Monday, 7 August 2017

Sex, Sin, And The Bible

Today, a friend of mine (who happens to identify as christian and gay) posted a link on his page to an article entitled 5 Things You May Not Have Realized About Paul’s Anti-Homosexual Words. My friend asked that people read it with a willingness to understand, rather than a desire to prove the author wrong (or heretical, or whatever).

Since he 'came out' a few years back, this friend has been treated appallingly by certain christians. People who had known and loved him for years seemed to suddenly view him as a monster to be hounded from their midst, rather than a brother to be loved. I know firsthand how maliciously christians can act towards those who fail to comply with their 'truth', and I understand his desire to be loved and affirmed by those who have judged and rejected instead.

The Bible Clearly Says...
But I suspect that this attempt to reach out will fail. Not based on the merits, or otherwise, of the arguments put forth in the article, but because christians have always disagreed over what the bible really says about a great many topics.

From human issues like slavery, racial inferiority, and the equality of women, to theological ones such as the rapture, the pre/mid/post-tribulation timing of such, and the question of whether the earth was created in six literal days, christians have shown that there is only one thing we can be absolutely certain of: the bible will always be used to "prove" completely contradictory things.

So while my empathy for my friend is real, I would suggest to him that he's on a road to nowhere. Because people who are certain of what the bible "clearly says" will simply dismiss out-of-hand any argument contrary to their own. So where to from here?

Well... rather than trying to prove who's right and who's heretical, maybe we need to go back to the example Jesus set. After all, isn't he the one we are supposed to be following?

For starters, Jesus showed he was actually willing to set aside "what the bible clearly said" in order to love. On more than one occasion he was reprimanded by the religious leaders for breaking the law regarding the Sabbath. On each occasion he had "clearly" contravened the law, and yet what was his response? Did he repent because they showed him chapter and verse? No! He basically told them to take a hike, declaring that doing good (and loving others is very good) took precedence over such rules and regulations. In other words, the 'law of love' trumps other, lesser laws.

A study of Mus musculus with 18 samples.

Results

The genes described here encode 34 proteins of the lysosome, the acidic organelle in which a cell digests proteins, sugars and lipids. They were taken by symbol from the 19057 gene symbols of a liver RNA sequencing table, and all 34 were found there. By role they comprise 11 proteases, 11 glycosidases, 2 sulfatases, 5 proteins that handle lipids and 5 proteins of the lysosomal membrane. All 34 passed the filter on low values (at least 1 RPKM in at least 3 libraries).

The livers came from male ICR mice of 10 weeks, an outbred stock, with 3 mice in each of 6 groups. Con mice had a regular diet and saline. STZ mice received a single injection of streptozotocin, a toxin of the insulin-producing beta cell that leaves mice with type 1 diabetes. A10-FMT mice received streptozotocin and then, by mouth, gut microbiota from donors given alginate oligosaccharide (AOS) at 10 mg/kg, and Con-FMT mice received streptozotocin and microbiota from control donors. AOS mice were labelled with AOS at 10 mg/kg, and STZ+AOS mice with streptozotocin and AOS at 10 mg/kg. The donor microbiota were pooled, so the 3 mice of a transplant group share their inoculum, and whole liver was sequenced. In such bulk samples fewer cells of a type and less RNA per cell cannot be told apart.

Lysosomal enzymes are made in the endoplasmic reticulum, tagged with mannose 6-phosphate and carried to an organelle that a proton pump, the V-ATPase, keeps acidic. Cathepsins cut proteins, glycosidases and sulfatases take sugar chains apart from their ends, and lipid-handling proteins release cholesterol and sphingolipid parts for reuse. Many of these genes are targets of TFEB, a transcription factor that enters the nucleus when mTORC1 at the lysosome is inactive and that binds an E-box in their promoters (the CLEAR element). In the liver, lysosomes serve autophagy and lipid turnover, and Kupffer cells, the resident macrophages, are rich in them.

Likewise, it is important to learn from Jesus's response to the religious leaders when they tried use a woman - caught in the very act of sexual sin - to trap him. When confronted with the law regarding sexual conduct, he turned the focus back onto her accusers, masterfully pointing out to them that they were all declared guilty under "The Law". In doing so, he was not only highlighting their incredible hypocrisy, but was also telling them, in no uncertain terms, to concentrate on their own sin, not that of others.

And before anyone thinks they have an ironclad 'gotcha' by gleefully pointing out that Jesus told the woman to "go and sin no more" just think about this: if Jesus was the only one qualified (by being sinless) to cast the first stone, he was also the only one qualified to tell the woman to refrain from sinning! So next time we hear someone use Jesus's words to this woman as a justification to point out the sins of others, just remember that we are only as entitled to do that, as we are to cast the first stone.

As far as I am concerned, we can argue theology and biblical interpretation until we are blue in the face, but it will change nothing - least of all people's opinions about their own correct thinking. Yet if there is anything that is "clear", it's that Jesus told us love is to govern everything we say or do. Judging and rejecting someone because we believe they are sinning is not an act of love - no matter how we try to spin it.

So regardless of what we believe the bible says about homosexuality, our calling (and example) is to love. If we want to worry about sin, let's worry about our own. But I think we would do far better to let God "worry" about it, and simply concentrate on how we can treat others so that they actually feel loved. If we are being honest, I think we'll agree that that task alone is enough to keep us busy for a lifetime.